State Dept official rejects claims of Ukrainian election meddling

“Yes, the intelligence community assessed that Russian President Vladimir Putin ordered an influence campaign in 2016 aimed at our presidential election,” Hale replied, reading from what appeared to be a prepared response. “Was the Kremlin’s interference in our 2016 election a hoax?” Menendez followed up, echoing the president’s own language, and eliciting a swift “no”…

“Yes, the intelligence community assessed that Russian President Vladimir Putin ordered an influence campaign in 2016 aimed at our presidential election,” Hale replied, reading from what appeared to be a prepared response.

“Was the Kremlin’s interference in our 2016 election a hoax?” Menendez followed up, echoing the president’s own language, and eliciting a swift “no” from Hale.

“Are you aware of any evidence that Ukraine interfered in the 2016 U.S. election?” Menendez continued, to which Hale responded: “I am not.”

Menendez then quoted from the public impeachment testimony of Fiona Hill, the former top Russia expert on the White House National Security Council, who two weeks ago described the theory pushed by Trump and his lawyer Rudy Giuliani as a “fictional narrative that is being perpetrated and propagated by the Russian security services themselves.”

“Do you have any reason to disagree with Dr. Hill?” Menendez asked Hale on Tuesday.

“I do not,” he replied.

After more back and forth, Menendez returned to the subject. “Is our national security made stronger or weaker when members of the administration or members of Congress insist on repeating debunked Russian lies?” he asked.

“That does not serve our interest,” Hale answered.

Hale’s series of responses is a departure from Secretary of State Mike Pompeo, who told reporters a week ago that he saw merit in investigating such allegations.

“Any time there is information that indicates that any country has messed with American elections, we not only have a right, but a duty to make sure we chase that down,” he said during a press briefing in Foggy Bottom.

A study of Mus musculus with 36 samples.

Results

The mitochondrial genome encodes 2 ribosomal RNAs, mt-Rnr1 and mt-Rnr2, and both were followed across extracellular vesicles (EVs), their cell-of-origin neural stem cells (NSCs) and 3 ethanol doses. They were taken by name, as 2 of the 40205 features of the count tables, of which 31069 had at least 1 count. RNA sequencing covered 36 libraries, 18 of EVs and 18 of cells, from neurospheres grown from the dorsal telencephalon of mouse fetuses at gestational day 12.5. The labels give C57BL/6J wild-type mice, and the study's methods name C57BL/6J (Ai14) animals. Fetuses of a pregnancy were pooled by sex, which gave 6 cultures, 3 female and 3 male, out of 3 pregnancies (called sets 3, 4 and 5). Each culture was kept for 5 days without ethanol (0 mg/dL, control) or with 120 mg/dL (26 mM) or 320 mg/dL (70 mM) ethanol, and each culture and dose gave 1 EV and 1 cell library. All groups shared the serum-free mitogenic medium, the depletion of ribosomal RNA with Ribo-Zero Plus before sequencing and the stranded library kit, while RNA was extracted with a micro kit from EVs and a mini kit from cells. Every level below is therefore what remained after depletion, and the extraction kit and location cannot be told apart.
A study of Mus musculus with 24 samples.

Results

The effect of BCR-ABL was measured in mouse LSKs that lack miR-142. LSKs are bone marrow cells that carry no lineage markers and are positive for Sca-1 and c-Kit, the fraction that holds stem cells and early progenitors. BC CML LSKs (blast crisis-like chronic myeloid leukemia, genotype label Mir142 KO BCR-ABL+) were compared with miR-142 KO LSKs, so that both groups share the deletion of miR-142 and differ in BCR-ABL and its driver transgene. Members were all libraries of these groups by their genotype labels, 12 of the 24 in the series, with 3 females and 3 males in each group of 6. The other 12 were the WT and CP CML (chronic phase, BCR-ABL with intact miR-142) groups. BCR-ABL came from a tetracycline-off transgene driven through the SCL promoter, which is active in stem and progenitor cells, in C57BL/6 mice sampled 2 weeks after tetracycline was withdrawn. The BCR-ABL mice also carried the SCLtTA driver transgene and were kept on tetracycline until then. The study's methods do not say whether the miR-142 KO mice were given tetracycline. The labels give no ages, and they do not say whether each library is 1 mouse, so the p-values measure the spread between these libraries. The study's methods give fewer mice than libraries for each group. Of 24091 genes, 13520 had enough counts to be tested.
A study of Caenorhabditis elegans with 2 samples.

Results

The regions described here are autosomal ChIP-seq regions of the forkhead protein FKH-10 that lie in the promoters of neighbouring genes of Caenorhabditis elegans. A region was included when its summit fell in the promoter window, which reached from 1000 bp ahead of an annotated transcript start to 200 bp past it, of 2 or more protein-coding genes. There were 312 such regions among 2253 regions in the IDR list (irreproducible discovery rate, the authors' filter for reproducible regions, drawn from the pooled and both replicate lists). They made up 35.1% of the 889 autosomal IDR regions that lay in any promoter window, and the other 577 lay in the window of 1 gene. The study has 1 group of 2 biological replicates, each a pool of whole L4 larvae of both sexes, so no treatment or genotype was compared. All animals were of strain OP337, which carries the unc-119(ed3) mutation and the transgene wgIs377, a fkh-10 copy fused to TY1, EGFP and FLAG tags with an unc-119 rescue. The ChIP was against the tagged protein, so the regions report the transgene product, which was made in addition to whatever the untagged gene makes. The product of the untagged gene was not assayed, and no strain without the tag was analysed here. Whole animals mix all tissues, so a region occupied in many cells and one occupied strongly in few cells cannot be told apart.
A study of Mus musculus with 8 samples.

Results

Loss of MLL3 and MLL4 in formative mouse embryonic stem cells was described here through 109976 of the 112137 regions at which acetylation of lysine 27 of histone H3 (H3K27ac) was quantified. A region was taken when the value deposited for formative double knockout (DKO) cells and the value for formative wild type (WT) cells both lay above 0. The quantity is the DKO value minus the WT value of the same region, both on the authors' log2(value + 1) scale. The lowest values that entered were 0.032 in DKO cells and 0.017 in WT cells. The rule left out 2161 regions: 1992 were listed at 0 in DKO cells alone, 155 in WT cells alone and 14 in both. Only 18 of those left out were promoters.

And Trump, too, has continued pushing the debunked claims that have formed — in part — the basis of his criticisms of Ukraine and set off the series of events resulting in the impeachment inquiry winding its way through the House.

Trump and Giuliani have found some support for their claims among other GOP lawmakers, who Hill lacerated in her public testimony for giving voice to the conspiracy theory.

“Some of you on this committee appear to believe that Russia and its security services did not conduct a campaign against our country — and that perhaps, somehow, for some reason, Ukraine did,” Hill told the Republican members of the House Intelligence Committee, adding that she refused to aid their efforts “to legitimize an alternate narrative that the Ukrainian government is a U.S. adversary, and that Ukraine — not Russia — attacked us in 2016.”

That conclusion was borne out in special counsel Robert Mueller’s nearly two-year investigation into 2016 election interference, and the Republican-controlled Senate Intelligence Committee separately found no evidence that Ukraine waged a top-down interference campaign akin to the Kremlin’s efforts to help Trump win in 2016.

Following the hearing, Sen. Mitt Romney (R-Utah), who sits on Foreign Relations, told reporters that Tuesday’s testimony from Hale and another State official further contradicted the Ukraine conspiracy.

“I saw no evidence from our intelligence community, nor from the representatives today from the Department of State, that there is any evidence of any kind that suggests that Ukraine interfered in our elections,” he said, contrasting that with “ample evidence” of Russian interference.